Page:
RBI may free interest rate on savings account

RBI may free interest rate on savings account

Working group to list out modalities

RBI may free interest rate on savings account

RBI Deputy Governor Usha Thorat and Boston Consulting Group Partner & Director, Duncan Martin, during a conference of 'Global Banking: Paradigm Shift' in Mumbai on Wednesday. PTI

Addressing on the second day of the 3-day banking conference organized by Indian Banking Association and Ficci here, RBI Deputy Governor Usha Thorat said “Deregulation of interest rate is on our radar. A working group will soon be set up to examine the possibility of deregulating of interest rates.” 

At 3.5 per cent a year, interest on savings accounts is the only regulated rate in the domestic banking system currently.  “Given the level of interest rates on bank deposits, common people are often lured by higher interest rates provided by alternative channels in the informal market,” said Thorat.

Thorat pointed out that one of the drivers of growth in India has been the high level of savings. “Savings rate is 32.5 per cent of GDP today (2008-09) compared to 22.3 per cent ten years ago (1998-99),” she said adding that the contribution of the household sector to savings is 70.0 per cent.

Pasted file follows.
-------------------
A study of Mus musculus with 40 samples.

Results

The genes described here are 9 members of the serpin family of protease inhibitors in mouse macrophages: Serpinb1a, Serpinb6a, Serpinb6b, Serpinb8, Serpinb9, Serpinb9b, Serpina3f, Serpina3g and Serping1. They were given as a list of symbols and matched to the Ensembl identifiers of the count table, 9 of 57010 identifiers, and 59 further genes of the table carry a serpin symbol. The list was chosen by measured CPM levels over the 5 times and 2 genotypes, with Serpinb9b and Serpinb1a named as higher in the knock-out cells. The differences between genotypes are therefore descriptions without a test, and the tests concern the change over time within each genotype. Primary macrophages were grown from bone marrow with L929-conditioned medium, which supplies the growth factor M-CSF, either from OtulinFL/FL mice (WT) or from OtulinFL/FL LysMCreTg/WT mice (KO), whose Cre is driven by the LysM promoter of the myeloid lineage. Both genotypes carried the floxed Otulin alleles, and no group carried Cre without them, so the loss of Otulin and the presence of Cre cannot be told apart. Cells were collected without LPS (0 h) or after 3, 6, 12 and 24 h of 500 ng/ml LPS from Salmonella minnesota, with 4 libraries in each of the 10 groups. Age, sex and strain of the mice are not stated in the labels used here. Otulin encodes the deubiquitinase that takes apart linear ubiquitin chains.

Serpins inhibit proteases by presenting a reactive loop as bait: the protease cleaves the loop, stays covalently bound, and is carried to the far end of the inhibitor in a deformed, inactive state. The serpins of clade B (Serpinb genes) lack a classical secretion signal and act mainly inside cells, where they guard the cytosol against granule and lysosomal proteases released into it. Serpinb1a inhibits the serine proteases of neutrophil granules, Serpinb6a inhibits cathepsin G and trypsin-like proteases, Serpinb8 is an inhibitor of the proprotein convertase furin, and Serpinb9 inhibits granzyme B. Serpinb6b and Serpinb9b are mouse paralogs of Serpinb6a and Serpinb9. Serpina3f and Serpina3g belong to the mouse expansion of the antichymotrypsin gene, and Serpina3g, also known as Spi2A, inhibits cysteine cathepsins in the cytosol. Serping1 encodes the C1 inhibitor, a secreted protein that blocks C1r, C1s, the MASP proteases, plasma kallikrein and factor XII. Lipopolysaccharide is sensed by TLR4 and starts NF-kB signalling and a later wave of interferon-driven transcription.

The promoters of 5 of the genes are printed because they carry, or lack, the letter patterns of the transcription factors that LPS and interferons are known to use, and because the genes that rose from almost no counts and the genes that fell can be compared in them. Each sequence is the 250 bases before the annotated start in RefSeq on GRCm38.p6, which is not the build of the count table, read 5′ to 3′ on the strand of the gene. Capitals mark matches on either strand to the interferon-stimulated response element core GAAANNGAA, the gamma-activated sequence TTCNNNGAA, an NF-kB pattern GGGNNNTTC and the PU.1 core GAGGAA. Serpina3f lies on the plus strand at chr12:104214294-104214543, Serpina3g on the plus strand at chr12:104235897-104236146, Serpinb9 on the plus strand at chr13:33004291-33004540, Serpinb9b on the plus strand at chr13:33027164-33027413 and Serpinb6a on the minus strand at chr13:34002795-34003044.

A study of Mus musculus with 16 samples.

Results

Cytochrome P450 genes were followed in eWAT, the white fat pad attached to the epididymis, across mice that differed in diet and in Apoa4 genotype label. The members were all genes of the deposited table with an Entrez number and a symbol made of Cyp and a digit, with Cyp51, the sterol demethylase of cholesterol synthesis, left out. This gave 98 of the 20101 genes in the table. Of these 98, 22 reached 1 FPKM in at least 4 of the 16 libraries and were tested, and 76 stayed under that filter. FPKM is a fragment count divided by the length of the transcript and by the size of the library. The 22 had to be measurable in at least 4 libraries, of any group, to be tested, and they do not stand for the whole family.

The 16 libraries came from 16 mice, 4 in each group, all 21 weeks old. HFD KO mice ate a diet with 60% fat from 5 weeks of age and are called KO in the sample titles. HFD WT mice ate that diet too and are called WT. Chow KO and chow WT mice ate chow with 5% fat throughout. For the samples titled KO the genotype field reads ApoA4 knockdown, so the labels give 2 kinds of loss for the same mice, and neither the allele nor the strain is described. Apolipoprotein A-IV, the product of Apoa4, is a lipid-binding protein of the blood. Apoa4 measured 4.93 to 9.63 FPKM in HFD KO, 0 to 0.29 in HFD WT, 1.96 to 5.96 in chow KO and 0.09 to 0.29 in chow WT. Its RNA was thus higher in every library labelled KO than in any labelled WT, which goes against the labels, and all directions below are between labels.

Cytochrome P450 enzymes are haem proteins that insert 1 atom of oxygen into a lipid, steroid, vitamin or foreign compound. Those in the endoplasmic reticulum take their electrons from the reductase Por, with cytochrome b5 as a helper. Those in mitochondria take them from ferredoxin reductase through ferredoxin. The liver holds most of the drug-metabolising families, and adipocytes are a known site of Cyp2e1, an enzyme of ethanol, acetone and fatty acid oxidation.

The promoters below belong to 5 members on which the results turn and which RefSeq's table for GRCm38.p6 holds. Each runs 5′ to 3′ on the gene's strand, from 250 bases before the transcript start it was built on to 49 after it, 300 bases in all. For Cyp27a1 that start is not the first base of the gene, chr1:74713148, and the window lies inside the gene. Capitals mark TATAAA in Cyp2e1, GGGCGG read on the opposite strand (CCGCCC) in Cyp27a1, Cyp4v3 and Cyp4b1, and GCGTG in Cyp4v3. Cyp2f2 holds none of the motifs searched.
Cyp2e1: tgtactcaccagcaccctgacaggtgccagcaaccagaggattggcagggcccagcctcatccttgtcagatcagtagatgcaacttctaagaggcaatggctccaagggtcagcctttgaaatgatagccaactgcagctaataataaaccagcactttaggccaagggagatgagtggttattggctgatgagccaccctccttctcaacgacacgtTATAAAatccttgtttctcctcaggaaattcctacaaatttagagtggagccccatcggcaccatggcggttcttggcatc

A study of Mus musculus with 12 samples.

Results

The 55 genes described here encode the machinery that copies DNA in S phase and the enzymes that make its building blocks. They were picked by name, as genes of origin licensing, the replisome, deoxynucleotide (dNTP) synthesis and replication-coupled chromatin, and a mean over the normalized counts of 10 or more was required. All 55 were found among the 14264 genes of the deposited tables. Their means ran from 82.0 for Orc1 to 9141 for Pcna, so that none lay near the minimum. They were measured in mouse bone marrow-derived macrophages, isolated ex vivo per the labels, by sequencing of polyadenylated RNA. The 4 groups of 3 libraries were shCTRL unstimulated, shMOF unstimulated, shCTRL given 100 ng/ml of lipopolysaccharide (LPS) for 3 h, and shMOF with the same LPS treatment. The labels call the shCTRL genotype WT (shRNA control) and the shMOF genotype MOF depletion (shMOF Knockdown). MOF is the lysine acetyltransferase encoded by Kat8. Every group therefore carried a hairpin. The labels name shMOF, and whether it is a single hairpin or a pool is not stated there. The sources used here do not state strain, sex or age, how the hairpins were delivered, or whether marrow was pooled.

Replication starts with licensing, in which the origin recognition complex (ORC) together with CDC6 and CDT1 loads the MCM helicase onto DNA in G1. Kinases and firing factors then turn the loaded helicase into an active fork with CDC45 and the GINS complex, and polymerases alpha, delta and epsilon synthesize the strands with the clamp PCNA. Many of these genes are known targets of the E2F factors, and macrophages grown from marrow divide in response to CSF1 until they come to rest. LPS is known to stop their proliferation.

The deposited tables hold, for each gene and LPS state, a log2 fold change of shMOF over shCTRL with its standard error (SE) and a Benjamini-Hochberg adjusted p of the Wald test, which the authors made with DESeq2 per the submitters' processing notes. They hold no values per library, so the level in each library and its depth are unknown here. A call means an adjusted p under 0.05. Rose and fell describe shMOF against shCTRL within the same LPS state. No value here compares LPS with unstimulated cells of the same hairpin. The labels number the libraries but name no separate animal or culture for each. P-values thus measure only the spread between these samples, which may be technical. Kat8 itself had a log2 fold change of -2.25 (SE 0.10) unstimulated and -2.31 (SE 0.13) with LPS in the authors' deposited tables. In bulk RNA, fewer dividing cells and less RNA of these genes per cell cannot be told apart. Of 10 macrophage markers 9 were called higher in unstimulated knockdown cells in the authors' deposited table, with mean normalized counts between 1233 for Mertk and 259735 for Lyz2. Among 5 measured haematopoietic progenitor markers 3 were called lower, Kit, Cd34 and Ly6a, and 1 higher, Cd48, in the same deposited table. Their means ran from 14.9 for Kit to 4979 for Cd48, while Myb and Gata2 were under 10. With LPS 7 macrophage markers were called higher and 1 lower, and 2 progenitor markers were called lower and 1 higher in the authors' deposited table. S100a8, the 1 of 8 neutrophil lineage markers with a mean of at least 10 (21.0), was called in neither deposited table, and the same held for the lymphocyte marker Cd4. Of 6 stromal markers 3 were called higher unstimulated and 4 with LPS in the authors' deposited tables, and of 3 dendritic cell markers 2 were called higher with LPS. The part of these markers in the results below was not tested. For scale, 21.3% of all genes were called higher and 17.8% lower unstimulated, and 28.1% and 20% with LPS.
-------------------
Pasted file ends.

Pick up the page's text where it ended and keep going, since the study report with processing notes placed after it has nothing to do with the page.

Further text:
While the overall savings ratio has increased significantly, she said financial savings has remained at around 50 per cent of household savings. Within financial savings, share of bank deposits has increased from 33 per cent in 2000-01 to 55 per cent in 2008-09.  In March 2004, there were 59 savings and current accounts per 100 adult population – in March 2009, the number has risen to 96. This reflects the impact of increasing banking penetration although there is a long way to go in many regions, she said. Achieving higher rates of growth would call for higher financial savings and this in turn implies much greater penetration of banks and other financial intermediaries like insurance companies, mutual funds and pension funds.  

Thorat said for achieving the goal of financial inclusion, there is a need for a higher number of tie-ups between banks and the non-bank finance companies (NBFCs) to have better delivery systems to ensure better last mile connectivity.  Currently, she continued, the RBI is in the process of “tweaking” regulations on securitization to ensure the growth of the securitized market in an orderly manner.

RBI Deputy Governor  also highlighted the need for development finance institutions to launch more risk mitigant like the the Credit Guarantee Trust for Micro and Small Enterprises (CGTMSE) which offers collateral-free loans for the benefit of small farmers, landless agricultural labourers, those engaged in allied activities related to agriculture and ones affected by natural calamities.